Hungry Jack in Later Years (photo: Cook County Historical Society)


We are the Seaton family: David, Nancy, our sons Ben and Will and Rosey our dog. We live all year on Hungry Jack Lake, just a stone’s throw away from the BWCAW. Nancy and David have traveled through canoe country extensively, guiding others and on our own. Canoeing in the BWCAW has been a part of our lives since childhood, and we still get out every chance we can.

Paddling as a family is a priority for us. Over our 25 years on the Gunflint Trail we’ve managed to  get out in various combinations several times each year. It helps us keep up with the changes in the forest and also to enjoy the area we love to share with you.

Ben is now 20 and spreading his wings at St. Olaf College in Northfield, MN.  Paddling with friends is still one of his favorite things to do in the summer months though most of this summer he will be off to an archaeological dig in Turkey at a Roman bath. He may get a chance to paddle in the Mediterranean Sea.   Will, at 17, has moved to Duluth to have a bigger horizon, bigger school, more friends and to row.  Go figgur, rowing crew is an extension of what he grew up with and dovetails well with training for XC skiing.   Busy schedules have kept us from the multiple trips as a family we’re used to but we still enjoy the sunset off the end of the dock, the call of the loons in the bay and a few walleyes from – well,  from nearby.  Our knowledge of the area and experience out in the woods with people like you is an integral part of our business.

Rosey is an  English Cocker Spaniel and has been to the Quetico Park and done two winter camping trips along with many summer camping trips too.  She loves the woods though her taste for adventure is waning as she becomes an old dog.  Her main job is to be the welcoming committee and she loves her job. She is very happy to see everyone and most folks are happy to see her.  She is now in her 13th year and has slowed down some so napping in the sun is a higher priority for her.

We want all our guests to have a good vacation, to find what they are looking for in the wilderness, and hopefully to learn something new. To achieve this we listen — listen to what you are saying about who you are, why you want to come here, and what you hope to accomplish. This allows us to help you choose the trip that will turn those goals into realities.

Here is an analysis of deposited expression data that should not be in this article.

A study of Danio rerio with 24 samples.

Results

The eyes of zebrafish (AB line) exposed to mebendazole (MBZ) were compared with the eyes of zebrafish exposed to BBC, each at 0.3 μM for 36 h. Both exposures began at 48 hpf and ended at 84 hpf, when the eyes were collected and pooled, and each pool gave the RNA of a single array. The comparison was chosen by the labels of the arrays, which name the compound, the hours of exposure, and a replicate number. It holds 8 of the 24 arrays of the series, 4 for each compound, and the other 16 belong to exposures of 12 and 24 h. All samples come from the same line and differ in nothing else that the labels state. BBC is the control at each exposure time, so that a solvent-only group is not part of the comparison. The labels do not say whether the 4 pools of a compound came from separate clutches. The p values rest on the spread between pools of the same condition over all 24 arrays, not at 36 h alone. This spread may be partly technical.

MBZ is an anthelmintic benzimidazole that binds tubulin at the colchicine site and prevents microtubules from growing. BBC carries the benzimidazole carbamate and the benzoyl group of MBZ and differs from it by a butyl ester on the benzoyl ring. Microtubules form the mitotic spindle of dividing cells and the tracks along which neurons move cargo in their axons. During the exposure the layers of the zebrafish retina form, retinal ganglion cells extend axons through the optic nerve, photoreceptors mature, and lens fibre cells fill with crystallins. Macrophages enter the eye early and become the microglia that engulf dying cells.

Anyone can rent you gear and pack your food; and while we feel our gear, food and facilities are great, there’s more to it.

Our specialty is information. We give you all the information you need to find the experience you want. Whether you need  instruction on paddling or pointers on jigging for walleye, guidance on packing so your clothes all fit and stay dry or directions for finding native pictographs or orchids, we’d like to help with your vacation.

See you in the woods!

                          — The Seatons


The Story of Hungry Jack

Yes, there really was a “Hungry Jack,” and he lived and worked most of his life in the area.

Andrew Jackson Scott moved to northern Minnesota after the Civil War to seek his fortune, finding work as a trapper, survey-crew assistant, and guide.

In the winter of 1873, “Jack” Scott was setting up camp for the survey crew when it became obvious that supplies would not last for the months they were to work. The government crew snowshoed the 32 miles to town to replenish their supplies, leaving Jack to finish setting up camp.

Some say it was a severe snowstorm that delayed their return, some say it was lengthy holiday merriment. In any case, Jack was left  to fend for himself with no rations for two weeks.

Upon their return, one of the surveyors called out, “Hey, are ya hungry, Jack?” Scott’s response was, “Am I hungry, Jack? I’m darned near starved to death!”

Jack was known for his stories and embellishments, and he recounted his ordeal to the crew in detail. His story became part of local lore, and our lake has had the name Hungry Jack ever since.

Jack Scott lived near Grand Marais for the rest of his life and was actually considered a founding father of the city. His gritty appearance, coarse demeanor, and skilled woodsmanship remained part of local color till his death in 1931. His legend will always be with us.